Find the Best Insurance Deals!
What Driverless Cars Mean for the Auto Insurance Industry
For decades, car drivers have awaited the much-anticipated “driverless” function that would allow them to act as a relatively hands-free passenger in their own vehicle. While auto pilot functions already exist in some Tesla vehicles, the driverless vehicles like Google’s pod car have just been showcased as the solution to this completely hands-free desire.
This brilliant technological advancement, while a dream-come-true to many, brings up a slew of excellent questions when it comes to responsibility and auto insurance coverage.
The most important questions
If a program is driving the car, is the individual behind the wheel still responsible in the case of an accident?
Should the individual in the vehicle still be insured or should the program operating the vehicle?
Furthermore, could these vehicles eliminate the need for auto insurance all together with the diminishing of accidents caused by human error?
These questions are throwing the auto industry into a frenzy.
Who will need insurance?
If the car is operating on its own, does the operating system, and therefore the manufacturer responsible, need to be insured in case of an accident?
Many would say yes, including Santa Clara University law professor, Robert Peterson who insists “there wouldn’t be any liability on you, because you’re just like a passenger in a taxi”. This idea sounds like a relief for many Americans who are paying through the roof for auto insurance and constantly comparing auto insurance quotes online to attain some reprieve.
Unfortunately, it seems that the idea of foregoing auto insurance all-together may never become a reality for many Americans.
Firstly, this new Google pod car isn’t exactly 100% driverless just yet. Currently, Google has cited occasions during test-drives where the car experiences necessary “disengagements” from its self-driving mode. This means the driver must assume hands-on, manual control over the vehicle for safety reasons. This occurrence of “disengagement” is a major head-scratcher for the auto insurance industry, as it blurs the line of responsibility between the human operator and the operating system.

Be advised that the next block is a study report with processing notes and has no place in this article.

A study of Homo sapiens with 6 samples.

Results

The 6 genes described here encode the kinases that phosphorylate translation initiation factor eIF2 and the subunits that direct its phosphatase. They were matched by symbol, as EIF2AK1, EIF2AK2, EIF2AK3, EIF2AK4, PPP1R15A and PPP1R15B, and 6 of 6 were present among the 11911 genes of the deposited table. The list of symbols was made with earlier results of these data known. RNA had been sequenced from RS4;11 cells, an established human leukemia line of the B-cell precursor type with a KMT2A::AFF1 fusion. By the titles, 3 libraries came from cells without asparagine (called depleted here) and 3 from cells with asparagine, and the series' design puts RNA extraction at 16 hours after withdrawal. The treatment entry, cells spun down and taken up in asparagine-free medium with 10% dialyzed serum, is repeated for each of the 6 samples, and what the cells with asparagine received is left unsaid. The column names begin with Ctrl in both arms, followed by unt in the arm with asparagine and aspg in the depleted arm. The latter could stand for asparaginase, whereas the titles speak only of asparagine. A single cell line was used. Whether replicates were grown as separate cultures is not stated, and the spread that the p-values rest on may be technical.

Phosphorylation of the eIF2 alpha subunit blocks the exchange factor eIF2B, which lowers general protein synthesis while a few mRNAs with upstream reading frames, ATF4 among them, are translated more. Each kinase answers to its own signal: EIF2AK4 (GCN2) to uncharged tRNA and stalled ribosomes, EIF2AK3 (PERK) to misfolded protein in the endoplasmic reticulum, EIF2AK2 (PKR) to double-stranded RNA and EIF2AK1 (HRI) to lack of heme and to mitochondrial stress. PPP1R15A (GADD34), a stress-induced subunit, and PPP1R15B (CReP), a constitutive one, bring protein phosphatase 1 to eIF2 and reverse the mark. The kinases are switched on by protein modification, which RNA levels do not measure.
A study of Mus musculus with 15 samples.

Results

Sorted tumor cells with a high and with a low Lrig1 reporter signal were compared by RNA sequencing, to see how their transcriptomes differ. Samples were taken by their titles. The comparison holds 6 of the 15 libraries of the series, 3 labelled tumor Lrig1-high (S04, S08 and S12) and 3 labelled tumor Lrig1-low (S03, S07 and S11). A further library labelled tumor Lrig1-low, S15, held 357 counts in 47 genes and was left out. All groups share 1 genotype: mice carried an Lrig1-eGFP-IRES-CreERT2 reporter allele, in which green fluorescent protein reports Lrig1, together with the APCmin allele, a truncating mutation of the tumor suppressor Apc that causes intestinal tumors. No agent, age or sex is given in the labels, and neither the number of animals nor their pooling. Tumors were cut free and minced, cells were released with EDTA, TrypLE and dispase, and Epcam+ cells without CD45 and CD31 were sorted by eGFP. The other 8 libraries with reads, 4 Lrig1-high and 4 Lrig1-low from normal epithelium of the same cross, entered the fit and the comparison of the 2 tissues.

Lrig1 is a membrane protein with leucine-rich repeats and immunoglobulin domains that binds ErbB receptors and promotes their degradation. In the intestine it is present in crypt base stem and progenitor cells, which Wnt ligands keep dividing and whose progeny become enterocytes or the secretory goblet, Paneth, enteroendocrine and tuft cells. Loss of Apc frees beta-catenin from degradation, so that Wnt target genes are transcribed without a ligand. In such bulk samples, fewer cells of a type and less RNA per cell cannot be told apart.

Currently, 90% of auto accidents are said to be caused by human/driver error. A car that eliminates even part of the room for human error may reduce the amount of accidents and auto insurance deductibles a year, but would not eliminate the need for a human to be insured, as the human would still be able to take control of the vehicle and may often be required to. These cars may, however, prompt the same big companies developing these new vehicles, like Google, to sell their own auto insurance to consumers.
It makes sense that if the car is making the majority of the driving decisions that it assumes the majority of the responsibility, right? Well, if the car’s computer can detect that the accident occurred as a result of “human error”, the “driver” may still be liable and responsible in the case of an accident. Therefore, disengagements from the driverless car’s self-driving mode, like in the case of the Google pod, still leaves a burden of responsibility on the driver, meaning it may be too soon to forego your endless search for affordable auto insurance online.
What can you expect?
There may be some light at the end of the tunnel though, as many in the auto insurance industry foresee a reduction in insurance premiums for those who drive the “safer” driverless vehicles, as there will likely be less accidents.
Unfortunately, others in the auto insurance industry anticipate much higher premiums for all drivers on the road due to the expensive equipment that would be very expensive to replace after auto accidents involving these new “smart” vehicles.